Indian Shortage of Skilled Labor Suspends Construction of Chinese-Built Power Plants

China suspends India power projects

By James Lamont in New Delhi

Restrictions on the import of skills are forcing Chinese companies to suspend the building of badly needed power plants in India to rid the country of its crippling energy deficit.

A Delhi-based Chinese official said as many as 10 Chinese companies had had to suspend work on power projects – viewed as a top priority by the Congress party-led government – because of a shortage of skills and difficulties in importing their own technicians from China.

“Without Chinese people the projects can’t go through smoothly,” the official said. “They (India) don’t have enough technicians and skilled workers.”

The decision is not being met with universal alarm. Some Indian security officials are concerned about the country becoming too reliant on Chinese-made infrastructure as bilateral tension mounts over the disputed border territory of Arunachal Pradesh and restrictions on the import of Chinese mobile handsets and toys. They say India needs to be more self-sufficient to defend itself from any future Chinese aggression. They worry that technology imported from China – a close economic partner of arch-rival Pakistan – could be used against India’s national interest.

India aims to add 10,000 megawatts of power generation capacity to its grid in the current fiscal year which runs until the end of this month. Many parts of the country are without electricity, while others regularly suffer severe power cuts.

India’s skills shortage is viewed as a big brake on the country’s ambitions to improve its infrastructure and sustain high levels of economic growth. The World Bank has warned that a shortage of practising engineers imperils the country’s ability to support growth with better roads, ports and railways.

Chinese equipment accounts for as much as a quarter of new capacity. But the Chinese official said the price of a skilled worker in the construction industry was twice the cost in India of the equivalent in China.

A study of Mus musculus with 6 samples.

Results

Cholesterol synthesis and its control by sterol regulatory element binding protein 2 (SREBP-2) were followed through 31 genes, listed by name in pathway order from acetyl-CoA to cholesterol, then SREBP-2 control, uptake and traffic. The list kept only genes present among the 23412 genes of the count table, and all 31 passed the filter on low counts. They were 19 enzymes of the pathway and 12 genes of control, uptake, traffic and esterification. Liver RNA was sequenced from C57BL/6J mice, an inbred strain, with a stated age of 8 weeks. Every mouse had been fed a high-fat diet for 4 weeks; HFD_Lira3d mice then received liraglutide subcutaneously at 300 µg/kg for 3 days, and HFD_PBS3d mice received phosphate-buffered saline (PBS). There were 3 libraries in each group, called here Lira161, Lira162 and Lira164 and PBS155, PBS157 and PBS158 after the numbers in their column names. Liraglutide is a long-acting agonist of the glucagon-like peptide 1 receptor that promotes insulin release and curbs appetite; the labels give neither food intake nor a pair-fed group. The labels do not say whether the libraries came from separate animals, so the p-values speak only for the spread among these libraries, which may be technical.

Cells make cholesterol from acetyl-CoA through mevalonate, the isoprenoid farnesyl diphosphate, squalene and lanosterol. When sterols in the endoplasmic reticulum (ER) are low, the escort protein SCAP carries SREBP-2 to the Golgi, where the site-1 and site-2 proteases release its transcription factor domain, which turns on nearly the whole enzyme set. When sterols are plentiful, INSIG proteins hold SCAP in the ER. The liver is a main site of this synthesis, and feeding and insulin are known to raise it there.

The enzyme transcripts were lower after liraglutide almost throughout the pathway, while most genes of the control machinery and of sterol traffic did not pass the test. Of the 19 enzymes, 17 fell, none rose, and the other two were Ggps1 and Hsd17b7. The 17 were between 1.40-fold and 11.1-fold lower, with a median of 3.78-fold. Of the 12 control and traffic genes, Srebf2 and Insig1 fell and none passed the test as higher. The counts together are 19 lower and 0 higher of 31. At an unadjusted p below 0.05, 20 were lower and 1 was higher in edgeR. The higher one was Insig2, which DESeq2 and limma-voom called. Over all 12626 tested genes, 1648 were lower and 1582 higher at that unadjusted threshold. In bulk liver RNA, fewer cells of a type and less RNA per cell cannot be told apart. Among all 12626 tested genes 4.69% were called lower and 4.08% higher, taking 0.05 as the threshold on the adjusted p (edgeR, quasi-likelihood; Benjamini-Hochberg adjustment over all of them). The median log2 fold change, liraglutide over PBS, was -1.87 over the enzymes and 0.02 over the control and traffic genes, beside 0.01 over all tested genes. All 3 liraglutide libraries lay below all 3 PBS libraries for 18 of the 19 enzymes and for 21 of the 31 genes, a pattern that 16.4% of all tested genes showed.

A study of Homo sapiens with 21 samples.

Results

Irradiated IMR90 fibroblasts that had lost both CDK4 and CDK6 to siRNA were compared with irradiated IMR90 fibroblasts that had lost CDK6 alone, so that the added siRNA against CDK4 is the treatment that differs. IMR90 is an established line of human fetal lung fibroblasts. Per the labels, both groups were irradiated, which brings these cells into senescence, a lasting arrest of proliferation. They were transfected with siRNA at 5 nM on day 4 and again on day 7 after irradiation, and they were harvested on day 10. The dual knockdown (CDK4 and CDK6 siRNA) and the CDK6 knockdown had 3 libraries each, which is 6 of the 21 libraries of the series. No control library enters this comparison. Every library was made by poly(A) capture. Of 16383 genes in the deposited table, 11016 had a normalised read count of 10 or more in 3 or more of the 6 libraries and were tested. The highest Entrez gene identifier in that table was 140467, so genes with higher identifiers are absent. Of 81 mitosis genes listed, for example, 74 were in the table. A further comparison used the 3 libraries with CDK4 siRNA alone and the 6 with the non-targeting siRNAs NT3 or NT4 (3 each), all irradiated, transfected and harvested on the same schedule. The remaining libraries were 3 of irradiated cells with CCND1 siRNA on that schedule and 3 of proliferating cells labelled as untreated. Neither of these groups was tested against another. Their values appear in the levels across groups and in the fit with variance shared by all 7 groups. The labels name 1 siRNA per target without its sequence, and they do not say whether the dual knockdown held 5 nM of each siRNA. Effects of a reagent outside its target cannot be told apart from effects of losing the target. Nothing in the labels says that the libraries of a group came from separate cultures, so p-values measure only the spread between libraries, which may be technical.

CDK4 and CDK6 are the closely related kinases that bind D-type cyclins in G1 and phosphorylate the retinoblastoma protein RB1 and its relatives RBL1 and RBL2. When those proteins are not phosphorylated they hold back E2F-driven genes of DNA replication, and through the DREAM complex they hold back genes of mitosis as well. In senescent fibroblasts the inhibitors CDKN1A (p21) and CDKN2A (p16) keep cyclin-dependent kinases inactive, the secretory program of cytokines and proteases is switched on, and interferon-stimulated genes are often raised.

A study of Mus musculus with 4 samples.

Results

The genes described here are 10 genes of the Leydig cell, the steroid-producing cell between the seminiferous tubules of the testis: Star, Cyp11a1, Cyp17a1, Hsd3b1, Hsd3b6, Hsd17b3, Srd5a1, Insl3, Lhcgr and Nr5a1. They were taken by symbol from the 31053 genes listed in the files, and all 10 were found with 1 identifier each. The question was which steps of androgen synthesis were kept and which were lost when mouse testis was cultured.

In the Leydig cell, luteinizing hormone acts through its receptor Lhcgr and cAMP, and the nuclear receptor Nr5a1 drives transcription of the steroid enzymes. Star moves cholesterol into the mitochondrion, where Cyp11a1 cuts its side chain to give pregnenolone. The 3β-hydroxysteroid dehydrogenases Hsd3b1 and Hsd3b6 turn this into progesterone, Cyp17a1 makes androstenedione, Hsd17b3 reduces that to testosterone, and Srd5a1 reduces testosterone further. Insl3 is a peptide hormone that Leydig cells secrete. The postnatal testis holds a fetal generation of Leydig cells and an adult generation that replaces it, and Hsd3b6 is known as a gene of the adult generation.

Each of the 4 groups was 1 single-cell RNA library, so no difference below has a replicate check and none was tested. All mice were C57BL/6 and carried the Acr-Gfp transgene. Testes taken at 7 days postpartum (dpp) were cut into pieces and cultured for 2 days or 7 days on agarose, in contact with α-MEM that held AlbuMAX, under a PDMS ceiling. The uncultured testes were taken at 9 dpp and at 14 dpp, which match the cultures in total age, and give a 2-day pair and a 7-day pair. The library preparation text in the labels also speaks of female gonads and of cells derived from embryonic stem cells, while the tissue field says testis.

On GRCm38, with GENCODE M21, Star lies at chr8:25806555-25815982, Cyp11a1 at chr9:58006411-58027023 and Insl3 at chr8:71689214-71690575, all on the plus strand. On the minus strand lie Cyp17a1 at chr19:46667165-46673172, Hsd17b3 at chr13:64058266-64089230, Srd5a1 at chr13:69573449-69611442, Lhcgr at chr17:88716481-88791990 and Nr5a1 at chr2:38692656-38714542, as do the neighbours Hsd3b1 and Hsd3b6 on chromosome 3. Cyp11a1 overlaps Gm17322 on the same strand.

Last year, India introduced new limits on the use of foreign labour. Only 1 per cent of a project’s workforce can be foreign. On power projects the limit is 40 skilled workers.

Parvesh Minocha, the managing director of the transport division of Feedback Ventures, an infrastructure consultancy, said India would be forced to turn to expatriates, particularly experts in project management, to help it meet goals in an environment in which cost and time overruns are the norm.

China, India’s largest trading partner, is a big supplier of power equipment and other infrastructure. It also has a reputation for building power stations faster than its neighbour. McKinsey, the management consultancy, estimates that it takes double the time to build a power station in India as it does in China.

The suspension of Chinese-built power stations follows a rise in friction between Beijing and New Delhi. The Indian government has said China has become more assertive in the past two years over its territorial claims, which led to conflict between the two countries in 1962.

Some Chinese companies, such as Huawei, are making efforts to localise their operations to be seen more as an Indian company. Its executives say they need a strategy to overcome prejudice against China’s low-cost contractors and equipment in spite of their wide application across India’s fast-growing telecommunications industry.